An exhibition called In Search of the Miraculous opened up last night at the Camera Club of New York. It runs till March 28th.
While the above image, by photographer Ian Bugaskas, one of the artists represented in the show, is not actually on display there, Baguskas will instead be exhibiting a series called Sansaram (Mountain People), which visually surveys a very particular landscape microculture in South Korea.
According to the Camera Club:
Ian Baguskas’s portraits made in South Korea of local mountain hikers depict the intersection of recreation and spiritual communion with nature. His project Sansaram from 2005, meaning “people of the mountain,” combines landscape views with documentary portraits of native visitors to the Sobaek mountains, encountered on hiking trails. The popularity of this activity can be attributed to the indigenous religion, which is centered on the worship of nature and mountain spirits, and has come to be fused with Buddhism.
The series, visible on Baguskas’s website (caution: resizes your browser and requires Flash), is a fascinating look at the intersection of geology and anthropology – in other words, how massive landforms can be appropriated by and incorporated into cultural movements and religious traditions.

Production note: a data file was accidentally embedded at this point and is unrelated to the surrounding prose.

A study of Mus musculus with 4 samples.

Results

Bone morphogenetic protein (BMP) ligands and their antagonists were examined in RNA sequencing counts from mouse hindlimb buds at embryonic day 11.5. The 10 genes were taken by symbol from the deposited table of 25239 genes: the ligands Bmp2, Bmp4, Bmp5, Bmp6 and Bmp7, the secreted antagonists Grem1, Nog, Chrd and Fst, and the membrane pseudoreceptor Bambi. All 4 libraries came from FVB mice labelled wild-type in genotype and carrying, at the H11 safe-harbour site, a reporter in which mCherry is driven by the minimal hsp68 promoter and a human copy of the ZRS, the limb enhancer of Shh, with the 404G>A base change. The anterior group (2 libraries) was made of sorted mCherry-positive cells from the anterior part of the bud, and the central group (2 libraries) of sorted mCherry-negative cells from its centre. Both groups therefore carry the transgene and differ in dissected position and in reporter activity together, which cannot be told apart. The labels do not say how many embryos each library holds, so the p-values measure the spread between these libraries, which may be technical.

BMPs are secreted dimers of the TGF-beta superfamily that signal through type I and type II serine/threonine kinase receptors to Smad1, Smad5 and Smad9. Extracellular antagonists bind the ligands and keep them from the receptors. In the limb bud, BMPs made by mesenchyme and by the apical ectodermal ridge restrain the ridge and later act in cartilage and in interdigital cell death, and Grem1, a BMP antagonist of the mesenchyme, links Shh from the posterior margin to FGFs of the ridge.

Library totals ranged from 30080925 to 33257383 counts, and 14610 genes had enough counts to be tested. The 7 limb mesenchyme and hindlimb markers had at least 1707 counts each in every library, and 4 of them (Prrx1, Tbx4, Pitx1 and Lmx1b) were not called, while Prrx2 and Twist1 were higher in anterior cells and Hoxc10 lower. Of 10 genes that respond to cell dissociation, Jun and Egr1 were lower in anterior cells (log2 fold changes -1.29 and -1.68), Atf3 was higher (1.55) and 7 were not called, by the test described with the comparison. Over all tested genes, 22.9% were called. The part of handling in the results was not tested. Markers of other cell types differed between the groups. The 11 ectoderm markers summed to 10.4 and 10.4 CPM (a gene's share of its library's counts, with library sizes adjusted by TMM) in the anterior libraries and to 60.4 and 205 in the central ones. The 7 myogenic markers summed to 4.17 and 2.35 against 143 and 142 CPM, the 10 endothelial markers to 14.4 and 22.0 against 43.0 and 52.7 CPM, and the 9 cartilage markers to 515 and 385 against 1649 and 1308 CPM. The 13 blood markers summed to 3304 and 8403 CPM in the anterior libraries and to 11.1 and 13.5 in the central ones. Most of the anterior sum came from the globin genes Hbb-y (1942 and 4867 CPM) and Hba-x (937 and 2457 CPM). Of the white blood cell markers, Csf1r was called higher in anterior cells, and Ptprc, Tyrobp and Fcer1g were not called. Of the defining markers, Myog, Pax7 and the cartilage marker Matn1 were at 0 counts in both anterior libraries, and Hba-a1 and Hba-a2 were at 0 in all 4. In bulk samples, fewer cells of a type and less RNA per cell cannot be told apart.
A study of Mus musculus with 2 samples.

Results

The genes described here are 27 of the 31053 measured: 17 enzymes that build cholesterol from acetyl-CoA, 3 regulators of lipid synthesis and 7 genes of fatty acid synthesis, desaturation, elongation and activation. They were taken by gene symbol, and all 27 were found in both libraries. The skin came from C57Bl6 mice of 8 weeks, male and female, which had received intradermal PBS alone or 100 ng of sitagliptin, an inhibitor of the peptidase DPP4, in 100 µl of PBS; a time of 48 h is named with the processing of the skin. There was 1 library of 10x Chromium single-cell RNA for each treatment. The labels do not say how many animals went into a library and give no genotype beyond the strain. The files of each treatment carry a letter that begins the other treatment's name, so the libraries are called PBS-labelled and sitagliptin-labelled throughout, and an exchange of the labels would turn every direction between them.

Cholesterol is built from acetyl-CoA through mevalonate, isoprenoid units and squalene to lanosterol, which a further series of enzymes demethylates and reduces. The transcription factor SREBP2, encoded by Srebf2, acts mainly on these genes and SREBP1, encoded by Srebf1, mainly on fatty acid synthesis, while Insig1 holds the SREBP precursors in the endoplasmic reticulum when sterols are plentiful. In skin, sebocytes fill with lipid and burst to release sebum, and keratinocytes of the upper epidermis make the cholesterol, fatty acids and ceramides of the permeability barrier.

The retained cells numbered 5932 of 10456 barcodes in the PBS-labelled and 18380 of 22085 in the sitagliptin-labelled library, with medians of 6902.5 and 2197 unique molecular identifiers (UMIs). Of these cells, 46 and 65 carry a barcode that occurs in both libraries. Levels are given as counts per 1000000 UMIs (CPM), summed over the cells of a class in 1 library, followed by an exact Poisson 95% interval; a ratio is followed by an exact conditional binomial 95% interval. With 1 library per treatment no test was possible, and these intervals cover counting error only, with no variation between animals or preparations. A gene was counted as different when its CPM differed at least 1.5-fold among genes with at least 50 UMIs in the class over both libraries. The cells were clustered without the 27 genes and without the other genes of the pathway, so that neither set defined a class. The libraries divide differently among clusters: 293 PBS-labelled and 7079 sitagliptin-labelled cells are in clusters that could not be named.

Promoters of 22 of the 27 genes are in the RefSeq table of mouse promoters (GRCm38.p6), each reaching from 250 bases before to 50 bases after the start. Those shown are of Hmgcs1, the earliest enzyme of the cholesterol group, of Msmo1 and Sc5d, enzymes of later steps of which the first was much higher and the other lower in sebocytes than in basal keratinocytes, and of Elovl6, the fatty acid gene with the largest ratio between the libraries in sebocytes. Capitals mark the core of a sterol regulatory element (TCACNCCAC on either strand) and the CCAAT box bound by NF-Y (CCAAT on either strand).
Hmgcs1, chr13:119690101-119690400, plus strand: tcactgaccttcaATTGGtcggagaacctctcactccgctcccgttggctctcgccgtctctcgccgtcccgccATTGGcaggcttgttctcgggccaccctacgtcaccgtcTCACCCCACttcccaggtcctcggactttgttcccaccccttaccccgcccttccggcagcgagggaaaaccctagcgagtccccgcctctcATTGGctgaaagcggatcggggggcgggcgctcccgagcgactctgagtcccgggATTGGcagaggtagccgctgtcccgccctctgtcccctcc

The human experience of the earth’s surface here takes on the form of small picnics, ice cream carts parked on paved platforms, lone hikers gazing out over urban developments below, and families standing quietly in the sun. But behind all of that lies bedrock, a huge intrusion of solid, crystalline form that has pushed up from below into detectability and self-exposure.
This reminds me, though, that if I could start a university – or, for that matter, simply teach at one – I would love to form a new department, studio, or program called Landscape Anthropology, a specifically and enthusiastically spatialized look at human culture. From the layouts of medieval villages to the floorplans of corporate bank towers, from national parks and monuments to the strange geotechnical rearrangements we force upon rock, digging tunnels, excavating mines, and installing towns and cities, how do human beings experience the earth? This would seem to be one of the largest and most important questions we could possibly ask.
In any case, if you’re in New York City between now and March 28, consider stopping by the Camera Club for a glimpse of In Search of the Miraculous.